E.g., 03/30/2020
E.g., 03/30/2020

Building Value Beyond Translation

Working for clients in a highly competitive market can create opportunities to stand out as a preferred vendor. One value we offer that my clients often site is publishing interesting facts about emerging markets. As with all of us, our clients are so busy trying to stay ahead of the competition, keeping current clients, and finding new clients. Helping them to find new markets that hold new opportunities will make you a valuable part of their team. You are viewed as a business partner rather than just another vendor. This increases existing customer retention and pricing concerns are reduced. Helping them get to market quickly by offering information, contacts, and understanding their goals creates a business relationship that enables them to grow and continue to need your service. For example: a client wanted to go to a trade show in India. He needed help with his VISA. All Clear was able to connect with the right State Department executive to get the VISA in time for the conference. Listening to my clients' needs and helping them has built a solid foundation for continued work for our company. Sending your clients information on export seminars or global market articles will enable them to see a new opportunity. For example, a key emerging market is Russia. Below are some tips and information that you can share with your clients to help while traveling and doing business in Russia. U.S. exports to Russia rose 40% in 2011, 25% in 2012 and over the past decade, have more than doubled. With such success in exporting, U.S. companies are taking advantage of Russia's recent accession into the World Trade Organization (WTO). The following are a few tips that I share with my clients. You can easily find resources on the internet or in many books about culture that you probably have on your bookshelf. Share them with your clients, they will appreciate it and value your excellence in service.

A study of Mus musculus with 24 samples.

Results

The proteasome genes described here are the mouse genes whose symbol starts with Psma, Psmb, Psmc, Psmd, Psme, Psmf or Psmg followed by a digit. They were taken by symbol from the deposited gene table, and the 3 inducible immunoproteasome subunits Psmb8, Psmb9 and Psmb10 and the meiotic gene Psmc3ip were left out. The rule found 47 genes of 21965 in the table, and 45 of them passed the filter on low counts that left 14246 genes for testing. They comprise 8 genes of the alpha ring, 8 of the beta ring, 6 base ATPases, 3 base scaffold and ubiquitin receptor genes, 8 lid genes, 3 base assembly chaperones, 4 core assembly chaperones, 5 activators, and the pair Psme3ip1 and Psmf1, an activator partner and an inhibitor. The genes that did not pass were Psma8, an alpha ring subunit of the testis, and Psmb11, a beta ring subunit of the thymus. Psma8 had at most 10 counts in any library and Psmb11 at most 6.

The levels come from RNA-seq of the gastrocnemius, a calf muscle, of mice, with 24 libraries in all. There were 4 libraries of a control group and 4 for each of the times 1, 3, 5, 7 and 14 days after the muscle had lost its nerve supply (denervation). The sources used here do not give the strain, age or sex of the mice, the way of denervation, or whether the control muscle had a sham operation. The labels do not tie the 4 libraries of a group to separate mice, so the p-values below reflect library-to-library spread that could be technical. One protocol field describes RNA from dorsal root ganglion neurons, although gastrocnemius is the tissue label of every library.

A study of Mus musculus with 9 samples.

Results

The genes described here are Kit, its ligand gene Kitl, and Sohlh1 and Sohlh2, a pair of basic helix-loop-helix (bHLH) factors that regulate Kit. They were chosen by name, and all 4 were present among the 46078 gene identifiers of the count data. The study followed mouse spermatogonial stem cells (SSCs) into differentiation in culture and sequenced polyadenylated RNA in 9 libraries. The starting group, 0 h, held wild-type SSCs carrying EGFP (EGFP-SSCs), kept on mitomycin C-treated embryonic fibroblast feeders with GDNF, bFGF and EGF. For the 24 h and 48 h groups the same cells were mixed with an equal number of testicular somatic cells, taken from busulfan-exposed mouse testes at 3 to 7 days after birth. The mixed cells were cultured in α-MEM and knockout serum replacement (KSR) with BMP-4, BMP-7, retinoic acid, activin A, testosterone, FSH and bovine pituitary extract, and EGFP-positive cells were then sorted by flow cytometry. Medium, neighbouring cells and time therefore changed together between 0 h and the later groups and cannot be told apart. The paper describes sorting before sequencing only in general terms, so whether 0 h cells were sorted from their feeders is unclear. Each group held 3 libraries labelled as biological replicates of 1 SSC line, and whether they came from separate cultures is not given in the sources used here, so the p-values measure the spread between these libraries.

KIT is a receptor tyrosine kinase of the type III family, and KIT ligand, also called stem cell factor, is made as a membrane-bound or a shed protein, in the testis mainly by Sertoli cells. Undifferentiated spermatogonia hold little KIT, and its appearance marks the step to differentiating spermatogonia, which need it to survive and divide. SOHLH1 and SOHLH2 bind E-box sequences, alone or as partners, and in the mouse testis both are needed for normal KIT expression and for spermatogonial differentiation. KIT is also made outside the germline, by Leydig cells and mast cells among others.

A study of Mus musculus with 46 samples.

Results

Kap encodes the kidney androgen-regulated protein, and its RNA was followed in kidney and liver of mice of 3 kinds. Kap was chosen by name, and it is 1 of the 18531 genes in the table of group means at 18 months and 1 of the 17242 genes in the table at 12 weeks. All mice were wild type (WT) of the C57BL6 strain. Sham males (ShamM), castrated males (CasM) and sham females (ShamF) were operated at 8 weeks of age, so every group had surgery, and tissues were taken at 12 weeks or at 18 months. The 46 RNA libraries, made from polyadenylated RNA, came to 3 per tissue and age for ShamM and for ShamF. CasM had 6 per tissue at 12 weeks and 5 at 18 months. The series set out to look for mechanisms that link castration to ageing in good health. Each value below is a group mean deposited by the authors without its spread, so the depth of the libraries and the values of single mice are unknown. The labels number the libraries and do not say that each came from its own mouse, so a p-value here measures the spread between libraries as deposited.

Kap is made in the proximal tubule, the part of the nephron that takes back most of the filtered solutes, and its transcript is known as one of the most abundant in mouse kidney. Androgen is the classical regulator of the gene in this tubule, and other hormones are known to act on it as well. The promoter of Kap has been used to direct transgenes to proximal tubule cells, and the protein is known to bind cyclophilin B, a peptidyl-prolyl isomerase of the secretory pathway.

• Negotiations can be volatile and involve flared tempers.
  • Wear business suits and dark colors.
  • Women should wear skirts instead of pants.
  • Standing with your hands in your pockets is considered rude.
  • You are expected to be on-time for meetings.
  • It is hard to do business in Russia without a connection. The U.S. Commerce Dept. can help find a Russian business associate.
  • Bring a gift if you are attending a dinner at a family's home.
  • Never show the soles of your shoes, like crossing your leg or putting one foot under the other. If the sole shows it can be considered rude.
  • Laughing loudly in public is considered rude.

Sources: U.S. Commercial Service, "Kiss, Bow or Shake Hands"

NOTE: The views expressed here are those of the authors and do not necessarily represent or reflect the views of GALA.